Launching a blueprint for the future of the health service at a Birmingham GPs’ surgery, Prime Minister David Cameron claimed that Britain would “become the first country in the world to deliver a truly seven-day NHS.”
The privileged PM told his audience that he planned faster access to new drugs and treatments — but professional associations warned that it would amount to an attack on staff terms and conditions.
“The founding values of the NHS are my values,” Mr Cameron smarmed.
“The NHS will always be free for everyone under a Conservative government.”
But British Medical Association chair Dr Mark Porter accused Mr Cameron of “empty headline-grabbing.”
Research charity the Nuffield Trust said that the “significant changes” required to implement Mr Cameron’s proposals could require the closure of specialist service sections.
And nurses hit the roof, with Royal College of Nursing chief executive Peter Carter issuing a “really strong warning” to ministers and threatening “industrial action” in an interview with the Independent.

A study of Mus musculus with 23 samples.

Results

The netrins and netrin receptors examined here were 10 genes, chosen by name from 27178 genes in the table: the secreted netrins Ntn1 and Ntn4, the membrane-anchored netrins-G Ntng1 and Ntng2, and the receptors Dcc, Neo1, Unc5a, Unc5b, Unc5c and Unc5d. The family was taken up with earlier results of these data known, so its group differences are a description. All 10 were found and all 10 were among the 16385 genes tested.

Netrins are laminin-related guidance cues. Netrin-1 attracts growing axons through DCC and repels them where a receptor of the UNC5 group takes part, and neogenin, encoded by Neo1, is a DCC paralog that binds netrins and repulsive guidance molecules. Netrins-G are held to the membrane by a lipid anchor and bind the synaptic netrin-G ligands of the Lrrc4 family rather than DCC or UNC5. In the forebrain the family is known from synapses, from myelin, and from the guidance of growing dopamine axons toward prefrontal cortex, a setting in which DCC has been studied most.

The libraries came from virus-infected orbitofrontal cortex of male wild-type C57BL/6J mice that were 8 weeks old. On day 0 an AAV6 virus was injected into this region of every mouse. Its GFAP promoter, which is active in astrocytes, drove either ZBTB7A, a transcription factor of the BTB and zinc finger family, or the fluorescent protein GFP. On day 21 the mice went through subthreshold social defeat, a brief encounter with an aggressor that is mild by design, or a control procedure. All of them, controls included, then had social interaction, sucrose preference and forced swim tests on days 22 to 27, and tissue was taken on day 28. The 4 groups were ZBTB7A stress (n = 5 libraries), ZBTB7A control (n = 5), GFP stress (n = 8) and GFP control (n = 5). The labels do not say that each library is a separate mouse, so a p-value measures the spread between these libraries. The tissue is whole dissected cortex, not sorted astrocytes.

“Any attacks on unsocial hours, weekend working payments, would be strongly resisted,” he said.
“The membership is quite clear: unsocial hours, weekend working, Christmas Day and bank holidays — they get a very modest higher level of remuneration.
Labour shadow health secretary Andy Burnham said the plans should be taken with a large pinch of salt.
“In 2010, the Conservatives promised seven-day GP opening but failed to deliver it,” he said.
“David Cameron must produce a credible and funded plan to stop things getting worse before people will believe his promises of improvements.”